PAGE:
When pheasant season ended Jan. 31, Zac Eddy had high hopes for this spring’s hatch, based on the number of birds he’d seen and the quality of the habitat. Now he’s not as optimistic.
“We got those snows and real cold temperatures in February and March that probably set the birds back,” said Eddy, a Pheasants Forever biologist in St. John. “Couple that with the ongoing drought, which is hurting nesting conditions, and it’s kind of a worst-case scenario.”
Eddy credited significant rains last summer over much of Kansas for helping some hens produce some late broods. The same moisture made cover conditions better than they’d been in several years going into the winter. He said the late winter cold and snows are especially hard on pheasants because they’re already physically stressed from normal winter weather. The late storms also come at a time when food and cover are probably at annual lows.
“You have already weak birds needing to get to spring plants and insect communities (in March) and these storms really set things back,” Eddy said. “With the snows and temps we got it may have actually killed some birds.” He added that late winter stress also means hens may produce fewer eggs and have less energy for raising chicks in the spring. The on-going drought also reduces the growth of broadleaf plants and wild flowers, which hens and chicks use for cover and where they find the insects young pheasants need for about the first six weeks of their life.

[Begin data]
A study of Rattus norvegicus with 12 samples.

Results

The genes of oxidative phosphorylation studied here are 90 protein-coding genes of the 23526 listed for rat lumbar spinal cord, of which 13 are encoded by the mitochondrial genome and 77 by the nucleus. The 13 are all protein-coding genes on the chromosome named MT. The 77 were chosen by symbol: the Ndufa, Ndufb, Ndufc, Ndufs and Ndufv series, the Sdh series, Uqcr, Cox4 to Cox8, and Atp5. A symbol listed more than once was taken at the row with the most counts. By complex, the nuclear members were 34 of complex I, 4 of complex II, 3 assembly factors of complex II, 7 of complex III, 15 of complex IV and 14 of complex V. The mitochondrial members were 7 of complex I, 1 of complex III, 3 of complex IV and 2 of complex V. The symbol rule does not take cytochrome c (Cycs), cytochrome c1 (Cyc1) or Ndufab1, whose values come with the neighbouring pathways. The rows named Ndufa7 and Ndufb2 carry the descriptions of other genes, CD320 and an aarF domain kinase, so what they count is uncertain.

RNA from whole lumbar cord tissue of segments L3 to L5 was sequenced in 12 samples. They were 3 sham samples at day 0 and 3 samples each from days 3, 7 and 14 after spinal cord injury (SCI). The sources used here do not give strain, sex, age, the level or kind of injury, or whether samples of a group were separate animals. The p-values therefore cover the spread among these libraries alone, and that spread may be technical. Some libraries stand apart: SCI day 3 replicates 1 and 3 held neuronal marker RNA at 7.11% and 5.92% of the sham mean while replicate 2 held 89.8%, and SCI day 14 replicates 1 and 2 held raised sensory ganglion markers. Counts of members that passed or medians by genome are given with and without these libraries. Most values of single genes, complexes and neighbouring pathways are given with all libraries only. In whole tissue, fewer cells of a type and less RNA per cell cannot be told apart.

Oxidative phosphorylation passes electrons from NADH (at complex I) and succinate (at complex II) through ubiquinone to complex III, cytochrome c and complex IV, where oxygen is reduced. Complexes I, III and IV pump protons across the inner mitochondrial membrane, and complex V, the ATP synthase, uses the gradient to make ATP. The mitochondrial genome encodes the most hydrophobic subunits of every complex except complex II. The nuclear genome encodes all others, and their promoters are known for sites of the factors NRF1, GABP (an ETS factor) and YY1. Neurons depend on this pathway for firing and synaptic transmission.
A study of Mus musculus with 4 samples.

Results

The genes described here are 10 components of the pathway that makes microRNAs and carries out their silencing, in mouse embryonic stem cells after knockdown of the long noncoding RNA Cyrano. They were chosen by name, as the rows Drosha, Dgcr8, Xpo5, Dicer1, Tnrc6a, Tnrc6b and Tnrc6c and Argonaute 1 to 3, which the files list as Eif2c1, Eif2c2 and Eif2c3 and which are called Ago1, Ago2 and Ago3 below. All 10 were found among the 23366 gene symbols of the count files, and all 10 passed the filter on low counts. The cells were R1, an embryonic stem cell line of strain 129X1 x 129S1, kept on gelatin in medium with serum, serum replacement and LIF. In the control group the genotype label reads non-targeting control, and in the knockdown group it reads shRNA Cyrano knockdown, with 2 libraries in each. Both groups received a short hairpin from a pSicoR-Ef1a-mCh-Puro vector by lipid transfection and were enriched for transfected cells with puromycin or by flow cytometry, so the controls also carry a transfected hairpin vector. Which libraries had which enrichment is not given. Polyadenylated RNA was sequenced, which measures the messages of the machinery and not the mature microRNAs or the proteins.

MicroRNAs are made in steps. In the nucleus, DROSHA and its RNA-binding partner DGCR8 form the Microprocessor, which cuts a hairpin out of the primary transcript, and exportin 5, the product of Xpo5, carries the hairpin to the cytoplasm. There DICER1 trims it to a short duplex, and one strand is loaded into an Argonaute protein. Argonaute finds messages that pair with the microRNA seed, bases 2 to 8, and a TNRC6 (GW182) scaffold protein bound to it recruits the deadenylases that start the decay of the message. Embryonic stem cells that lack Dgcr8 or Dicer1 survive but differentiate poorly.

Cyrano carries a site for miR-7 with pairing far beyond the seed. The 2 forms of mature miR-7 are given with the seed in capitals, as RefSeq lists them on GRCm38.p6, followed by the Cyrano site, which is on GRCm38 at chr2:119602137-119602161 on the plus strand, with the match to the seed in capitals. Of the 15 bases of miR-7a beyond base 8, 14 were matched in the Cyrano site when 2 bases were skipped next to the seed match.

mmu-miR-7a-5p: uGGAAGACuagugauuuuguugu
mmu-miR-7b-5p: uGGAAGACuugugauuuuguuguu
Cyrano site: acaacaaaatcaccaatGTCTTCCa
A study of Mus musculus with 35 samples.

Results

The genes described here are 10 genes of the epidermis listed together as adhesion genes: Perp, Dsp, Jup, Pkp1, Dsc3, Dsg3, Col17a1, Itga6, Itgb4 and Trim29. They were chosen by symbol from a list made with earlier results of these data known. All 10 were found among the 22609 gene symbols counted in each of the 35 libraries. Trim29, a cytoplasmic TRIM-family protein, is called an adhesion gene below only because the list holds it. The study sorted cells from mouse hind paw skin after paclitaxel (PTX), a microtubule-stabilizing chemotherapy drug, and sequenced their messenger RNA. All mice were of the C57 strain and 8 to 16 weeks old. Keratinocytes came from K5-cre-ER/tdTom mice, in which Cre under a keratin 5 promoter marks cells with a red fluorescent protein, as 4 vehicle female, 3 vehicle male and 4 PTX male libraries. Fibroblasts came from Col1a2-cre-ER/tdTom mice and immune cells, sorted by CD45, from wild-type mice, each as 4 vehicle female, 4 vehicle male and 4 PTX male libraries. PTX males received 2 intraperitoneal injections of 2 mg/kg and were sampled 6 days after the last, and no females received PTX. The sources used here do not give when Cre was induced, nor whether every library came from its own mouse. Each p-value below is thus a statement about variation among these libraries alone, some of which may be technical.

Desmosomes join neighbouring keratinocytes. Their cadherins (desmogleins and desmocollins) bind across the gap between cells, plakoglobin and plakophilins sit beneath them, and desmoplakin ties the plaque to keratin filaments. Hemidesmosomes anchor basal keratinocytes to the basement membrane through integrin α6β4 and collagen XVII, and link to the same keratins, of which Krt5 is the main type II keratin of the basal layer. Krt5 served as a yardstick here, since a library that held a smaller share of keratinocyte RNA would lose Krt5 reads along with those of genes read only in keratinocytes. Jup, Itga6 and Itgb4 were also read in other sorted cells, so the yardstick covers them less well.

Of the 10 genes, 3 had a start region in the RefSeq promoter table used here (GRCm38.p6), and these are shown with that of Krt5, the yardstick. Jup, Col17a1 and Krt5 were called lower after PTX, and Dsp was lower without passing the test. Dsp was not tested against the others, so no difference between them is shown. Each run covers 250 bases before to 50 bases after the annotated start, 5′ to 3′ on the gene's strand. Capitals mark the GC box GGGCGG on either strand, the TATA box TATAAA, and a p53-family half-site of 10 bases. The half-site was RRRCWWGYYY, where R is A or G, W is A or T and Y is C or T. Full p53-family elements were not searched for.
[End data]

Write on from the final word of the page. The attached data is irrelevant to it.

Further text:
“Mid-May to mid-June is our most important time for nesting,” he said. “That’s why we need moisture (earlier in the year) so we have good brood rearing cover. We also need that moisture to produce more insects.”
Though it’s getting late into the spring, Eddy said any rains that come in the next few weeks could certainly help, as did the July rains last summer.
Jeff Prendergast, Kansas Department of Wildlife, Parks and Tourism small-game biologist, also acknowledged better residual cover this spring than the past two, and said some portions of northwest and north-central Kansas have gotten enough rains this year for good nesting conditions.
“At least the conditions mostly look better than they did last year across much of the state, “ Prendergast said. Last spring and summer Kansas’ pheasant populations were at or near their lowest point in about 60 years.